If there was any clamor for North Carolina to join the fracking parade, and sooner rather than later, it was coming from 1) energy companies that want to sew up natural gas drilling rights, 2) some landowners and business folks with visions of dollar signs and 3) Republican politicians whose heartstrings still vibrate to the refrain of Drill, baby, drill!
The apparent consensus among most everybody else? Not here. Not now.
Looking at the politics, and looking at the science, its no wonder that Democratic Gov. Beverly Perdue opted to veto the bill that would authorize the drilling method called hydraulic fracturing and move North Carolina toward the brave new world of shale gas extraction.
Nor was it any surprise when the Republican-controlled state Senate, where support for fracking has been strong, voted yesterday to override the veto. That left the matter to be decided in the House, also with a GOP majority but with many members queasy about prying the lid from the Pandoras box that the fracking bill represents.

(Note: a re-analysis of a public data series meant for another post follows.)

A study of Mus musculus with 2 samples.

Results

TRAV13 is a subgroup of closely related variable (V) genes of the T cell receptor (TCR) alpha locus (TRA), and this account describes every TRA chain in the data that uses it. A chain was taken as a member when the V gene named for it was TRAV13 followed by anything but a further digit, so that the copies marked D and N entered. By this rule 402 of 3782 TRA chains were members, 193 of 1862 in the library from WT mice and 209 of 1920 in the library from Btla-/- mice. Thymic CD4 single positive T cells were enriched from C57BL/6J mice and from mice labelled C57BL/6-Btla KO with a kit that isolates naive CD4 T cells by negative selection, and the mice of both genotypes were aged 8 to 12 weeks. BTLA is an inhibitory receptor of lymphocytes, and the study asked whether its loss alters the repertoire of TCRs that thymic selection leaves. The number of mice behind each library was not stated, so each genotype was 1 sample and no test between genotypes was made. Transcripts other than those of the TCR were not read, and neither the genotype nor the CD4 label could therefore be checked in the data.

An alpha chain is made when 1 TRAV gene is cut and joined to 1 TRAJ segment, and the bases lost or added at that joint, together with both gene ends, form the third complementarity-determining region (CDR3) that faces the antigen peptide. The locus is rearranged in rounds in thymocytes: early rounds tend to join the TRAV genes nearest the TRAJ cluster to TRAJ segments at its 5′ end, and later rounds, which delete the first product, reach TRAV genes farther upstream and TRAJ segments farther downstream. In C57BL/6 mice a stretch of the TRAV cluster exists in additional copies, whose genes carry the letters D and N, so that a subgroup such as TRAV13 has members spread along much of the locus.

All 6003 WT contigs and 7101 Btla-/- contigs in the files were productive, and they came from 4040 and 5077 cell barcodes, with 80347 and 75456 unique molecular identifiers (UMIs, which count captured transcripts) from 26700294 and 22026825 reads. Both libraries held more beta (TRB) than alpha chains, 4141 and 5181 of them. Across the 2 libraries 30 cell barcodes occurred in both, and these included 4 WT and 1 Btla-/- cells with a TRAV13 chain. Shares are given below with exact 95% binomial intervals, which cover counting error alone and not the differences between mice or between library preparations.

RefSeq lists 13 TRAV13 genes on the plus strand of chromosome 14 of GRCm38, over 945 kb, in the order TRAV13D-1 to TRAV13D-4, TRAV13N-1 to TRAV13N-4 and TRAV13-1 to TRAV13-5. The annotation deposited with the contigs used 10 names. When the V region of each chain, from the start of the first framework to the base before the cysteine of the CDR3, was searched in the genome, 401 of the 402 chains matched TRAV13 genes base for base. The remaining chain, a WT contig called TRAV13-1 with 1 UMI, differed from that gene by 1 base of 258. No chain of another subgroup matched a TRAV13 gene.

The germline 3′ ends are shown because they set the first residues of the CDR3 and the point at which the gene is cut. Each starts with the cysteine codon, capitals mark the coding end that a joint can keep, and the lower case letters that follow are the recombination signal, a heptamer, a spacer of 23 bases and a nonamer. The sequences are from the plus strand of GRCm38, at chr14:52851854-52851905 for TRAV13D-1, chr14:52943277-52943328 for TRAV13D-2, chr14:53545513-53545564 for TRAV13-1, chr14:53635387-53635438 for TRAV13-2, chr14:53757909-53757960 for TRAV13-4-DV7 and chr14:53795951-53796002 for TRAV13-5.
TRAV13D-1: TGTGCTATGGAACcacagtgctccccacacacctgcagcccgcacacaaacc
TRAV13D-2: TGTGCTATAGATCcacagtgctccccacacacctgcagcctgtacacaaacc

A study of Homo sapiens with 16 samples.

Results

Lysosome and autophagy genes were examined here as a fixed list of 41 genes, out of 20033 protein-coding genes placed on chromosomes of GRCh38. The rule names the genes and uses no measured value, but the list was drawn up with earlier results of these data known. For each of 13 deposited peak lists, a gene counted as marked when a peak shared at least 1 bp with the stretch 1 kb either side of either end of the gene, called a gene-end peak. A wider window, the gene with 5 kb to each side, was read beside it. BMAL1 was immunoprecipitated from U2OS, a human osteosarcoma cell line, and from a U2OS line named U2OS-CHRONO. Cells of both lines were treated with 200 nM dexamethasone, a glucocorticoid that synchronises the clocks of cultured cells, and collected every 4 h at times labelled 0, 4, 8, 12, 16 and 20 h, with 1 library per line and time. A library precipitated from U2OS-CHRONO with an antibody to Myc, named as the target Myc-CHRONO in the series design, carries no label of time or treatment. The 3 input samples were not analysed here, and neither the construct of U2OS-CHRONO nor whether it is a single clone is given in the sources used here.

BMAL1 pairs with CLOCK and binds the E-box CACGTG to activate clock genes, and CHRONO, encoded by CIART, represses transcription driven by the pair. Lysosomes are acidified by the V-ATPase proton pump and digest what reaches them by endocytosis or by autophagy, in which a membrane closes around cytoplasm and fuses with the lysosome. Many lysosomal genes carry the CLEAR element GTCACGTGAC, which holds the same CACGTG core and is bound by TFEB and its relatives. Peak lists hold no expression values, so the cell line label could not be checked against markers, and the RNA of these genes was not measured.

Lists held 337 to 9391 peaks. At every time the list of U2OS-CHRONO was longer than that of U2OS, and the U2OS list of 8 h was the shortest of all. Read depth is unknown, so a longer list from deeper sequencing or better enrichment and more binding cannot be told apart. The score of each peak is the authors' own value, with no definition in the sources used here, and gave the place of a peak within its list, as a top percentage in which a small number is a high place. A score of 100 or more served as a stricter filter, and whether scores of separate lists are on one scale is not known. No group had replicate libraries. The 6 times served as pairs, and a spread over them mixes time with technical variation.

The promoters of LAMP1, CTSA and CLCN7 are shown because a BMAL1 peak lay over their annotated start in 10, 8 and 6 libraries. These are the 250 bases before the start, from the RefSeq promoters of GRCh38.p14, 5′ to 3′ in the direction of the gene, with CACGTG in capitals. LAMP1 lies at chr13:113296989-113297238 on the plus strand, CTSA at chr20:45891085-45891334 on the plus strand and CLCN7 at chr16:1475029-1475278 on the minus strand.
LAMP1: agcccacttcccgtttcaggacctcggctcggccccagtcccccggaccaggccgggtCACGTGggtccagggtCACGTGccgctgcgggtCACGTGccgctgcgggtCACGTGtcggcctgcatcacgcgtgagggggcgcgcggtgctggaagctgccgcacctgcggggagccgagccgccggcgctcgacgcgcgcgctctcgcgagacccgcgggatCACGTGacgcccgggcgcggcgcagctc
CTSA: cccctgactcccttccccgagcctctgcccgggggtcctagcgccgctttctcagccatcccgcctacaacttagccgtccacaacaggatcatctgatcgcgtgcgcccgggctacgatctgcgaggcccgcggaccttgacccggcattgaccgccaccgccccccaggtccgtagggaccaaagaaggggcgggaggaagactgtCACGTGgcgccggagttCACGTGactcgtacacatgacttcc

Perdue had signaled she could go along with fracking if proper safeguards were in place. The assumption was that North Carolina could learn from the experience of other states such as Pennsylvania, where intensive fracking has been blamed for groundwater pollution and other kinds of environmental damage.
But the governors judgment in the end was that the bills safeguards didnt go far enough to alleviate risks. It couldnt have helped that a new commission with a strong industry contingent would be given oversight of fracking rules.
A key consideration is that the states supplies of natural gas trapped in shale formations mainly in Lee, Chatham and Moore counties are thought to be modest at best. With prices also low, its been hard to imagine a drilling stampede. The veto was a prudent move to let the technology and the economics ripen before North Carolina takes the plunge.